Mike and Nick’s Improved Smith Island Cake (8 layer cake with raspberry buttercream and chocolate ganache frosting)

August 4, 2012 § 2 Comments

Made this cake for a recent birthday celebration. I’ve been wanting to make this again with a different/better frosting than used for the original recipe posted early in this blog’s life. This new concoction was undeniably successful. Even though the leftovers have to be kept in the fridge (because of the buttercream), this cake remained fresh, moist and really tasty for 4 days (only a emergency kept this from lasting that many days though). The cake recipe is the same as that posted before, but I’ll include it all for easier access.

For those that think making 8 cake layers is too much work (I assure you it’s really not), I think this combo would work very well in a two or three layer cake as well.

Raspberry buttercream adapted from Call me cupcake! and chocolate ganache frosting (not a glaze) adapted from Martha.



1 box cake mix (Duncan Hines yellow is the go-to, but use a flavor if you’d like, I suggest adding zest of 2 lemons to flavor)

1 can evaporated milk (1 1/2 cups)

1/3 cup water

4 eggs

1 tsp vanilla

1/2 t. salt

8 T. softened butter

The steps

1. Heat oven to 350°. Grease four 8″ round cake pans with cooking spray, dust with flour, and knock out any excess. Set aside.

2. Put cake mix, 1 1⁄2 cups evaporated milk, butter, vanilla, salt, eggs, and 1⁄3 cup water into a large bowl; beat with an electric mixer until light and fluffy, 10–12 minutes.

3. Divide half the batter between prepared cake pans (if using 4 pans). Set remaining batter aside. Using the back of a spoon, spread out batter so that it covers the bottom of each pan, making it slightly thicker around the edges than in the middle. Bake until cooked through and golden around edges, 12–14 minutes. Set aside to let cool slightly, then loosen cake layers with a knife and invert onto cooling racks.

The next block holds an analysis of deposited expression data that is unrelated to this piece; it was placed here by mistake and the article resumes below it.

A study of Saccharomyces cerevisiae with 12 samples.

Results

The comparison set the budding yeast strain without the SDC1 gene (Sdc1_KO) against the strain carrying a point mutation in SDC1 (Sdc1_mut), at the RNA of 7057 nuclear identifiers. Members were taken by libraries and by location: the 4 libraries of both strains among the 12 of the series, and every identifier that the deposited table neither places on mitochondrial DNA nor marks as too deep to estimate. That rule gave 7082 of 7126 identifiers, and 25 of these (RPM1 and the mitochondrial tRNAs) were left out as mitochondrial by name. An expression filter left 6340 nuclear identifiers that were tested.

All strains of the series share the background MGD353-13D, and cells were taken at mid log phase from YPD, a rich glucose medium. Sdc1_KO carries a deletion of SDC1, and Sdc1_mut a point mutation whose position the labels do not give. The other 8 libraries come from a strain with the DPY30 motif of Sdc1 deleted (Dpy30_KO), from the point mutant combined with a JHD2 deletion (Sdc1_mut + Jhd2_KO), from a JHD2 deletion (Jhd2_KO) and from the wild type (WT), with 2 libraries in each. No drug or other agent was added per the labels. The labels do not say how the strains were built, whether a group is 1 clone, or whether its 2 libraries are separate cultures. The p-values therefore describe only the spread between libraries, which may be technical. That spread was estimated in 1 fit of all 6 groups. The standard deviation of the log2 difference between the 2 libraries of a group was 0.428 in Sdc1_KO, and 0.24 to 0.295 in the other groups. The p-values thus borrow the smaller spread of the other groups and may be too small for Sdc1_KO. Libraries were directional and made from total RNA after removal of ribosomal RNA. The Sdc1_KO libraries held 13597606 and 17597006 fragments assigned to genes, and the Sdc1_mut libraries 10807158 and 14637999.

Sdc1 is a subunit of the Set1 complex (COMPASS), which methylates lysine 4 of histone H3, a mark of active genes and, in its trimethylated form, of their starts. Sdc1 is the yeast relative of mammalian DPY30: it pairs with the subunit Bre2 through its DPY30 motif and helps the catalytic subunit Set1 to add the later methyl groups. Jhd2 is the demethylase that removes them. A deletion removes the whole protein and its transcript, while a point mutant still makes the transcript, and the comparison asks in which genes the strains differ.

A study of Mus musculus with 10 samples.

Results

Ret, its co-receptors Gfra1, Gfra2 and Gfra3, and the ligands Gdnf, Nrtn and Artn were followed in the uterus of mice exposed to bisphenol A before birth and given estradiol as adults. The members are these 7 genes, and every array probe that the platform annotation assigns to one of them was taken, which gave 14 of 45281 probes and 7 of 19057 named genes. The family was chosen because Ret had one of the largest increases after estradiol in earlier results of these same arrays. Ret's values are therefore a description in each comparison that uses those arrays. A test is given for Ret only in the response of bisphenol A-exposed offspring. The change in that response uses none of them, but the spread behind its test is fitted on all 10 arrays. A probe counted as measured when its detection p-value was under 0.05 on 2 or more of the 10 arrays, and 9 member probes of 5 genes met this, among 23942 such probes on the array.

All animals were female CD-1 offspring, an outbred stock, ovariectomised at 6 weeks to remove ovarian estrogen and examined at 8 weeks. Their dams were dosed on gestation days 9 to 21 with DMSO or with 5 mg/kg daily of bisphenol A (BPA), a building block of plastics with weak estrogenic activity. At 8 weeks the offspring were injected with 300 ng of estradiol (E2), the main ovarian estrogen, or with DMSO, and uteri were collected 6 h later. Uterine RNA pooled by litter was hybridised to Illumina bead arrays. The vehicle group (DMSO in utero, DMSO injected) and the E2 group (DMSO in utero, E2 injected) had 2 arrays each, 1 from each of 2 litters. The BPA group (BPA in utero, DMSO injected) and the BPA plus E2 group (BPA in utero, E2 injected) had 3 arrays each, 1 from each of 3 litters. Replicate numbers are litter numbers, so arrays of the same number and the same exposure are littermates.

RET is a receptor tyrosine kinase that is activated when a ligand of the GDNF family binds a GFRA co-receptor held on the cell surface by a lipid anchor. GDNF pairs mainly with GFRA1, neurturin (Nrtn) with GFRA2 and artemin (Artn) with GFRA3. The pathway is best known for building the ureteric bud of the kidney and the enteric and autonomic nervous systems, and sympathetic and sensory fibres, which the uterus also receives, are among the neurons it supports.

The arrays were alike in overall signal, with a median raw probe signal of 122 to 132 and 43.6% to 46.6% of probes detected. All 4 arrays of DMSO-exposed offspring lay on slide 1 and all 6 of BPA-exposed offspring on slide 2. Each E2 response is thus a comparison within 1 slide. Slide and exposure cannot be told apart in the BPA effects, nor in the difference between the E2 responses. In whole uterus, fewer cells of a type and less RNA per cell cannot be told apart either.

4. Wash and dry cake pans. Repeat process a second time with cooking spray and remaining flour and batter.

While all the cake layers are cooling, make the raspberry buttercream then the ganache.


Raspberry Buttercream 

This was on the sweet side for me when tasted alone but balanced really nicely in the cake. Adjust if desired or if using for another purpose (will also depend on your fruit).

5 egg whites

3/4 cups sugar

1 stick plus 6 T butter (just 2 T short of 2 sticks)

6 oz package of raspberries, macerated with a sprinkle of sugar


1. Pour eggs whites and sugar in a clean bowl to be used for a double-boiler. Put the bowl in your make-shift double-boiler (pyrex bowl over a pot with a little simmering water in it). Whisk the sugar and eggs constantly until the mixture gets to about 140 degrees F (or rub some of the mixture between figures, if sugar has melted you’re done).

2. Remove from heat, whip until white, fluffy and cool (should be mixture of shaving cream). Start adding butter 1 T at a time. This process can take 10-15 minutes. Just when you think you’ve done something wrong it all comes together. If it gets to cold, put over the double-boiler for a few seconds and re-whip. If it gets to hot and looks curdled and soupy, put it in the fridge briefly and re-whip.

3. Add raspberries (strain if desired, but I wanted it all in) and vanilla to taste. Whip until smooth.

4. Put just enough on each layer.


Dark Chocolate Ganache Frosting

1.5 cups whipping cream

1/3 cups powdered sugar (a little more to taste if desired)

12 oz bittersweet chocolate (roughly chopped, I used 70% Ghirardelli and an amazing local chocolate)

pinch of salt

vanilla to taste

1. In a saucepan, bring the cream, sugar, salt to a gentle boil. Add vanilla, and pour over the chopped chocolate in a bowl.

2. Let stand, without stirring, for 1 minute. Whisk just until combined.

3. Refrigerate, stirring occasionally, until spreadable, about 1 hour.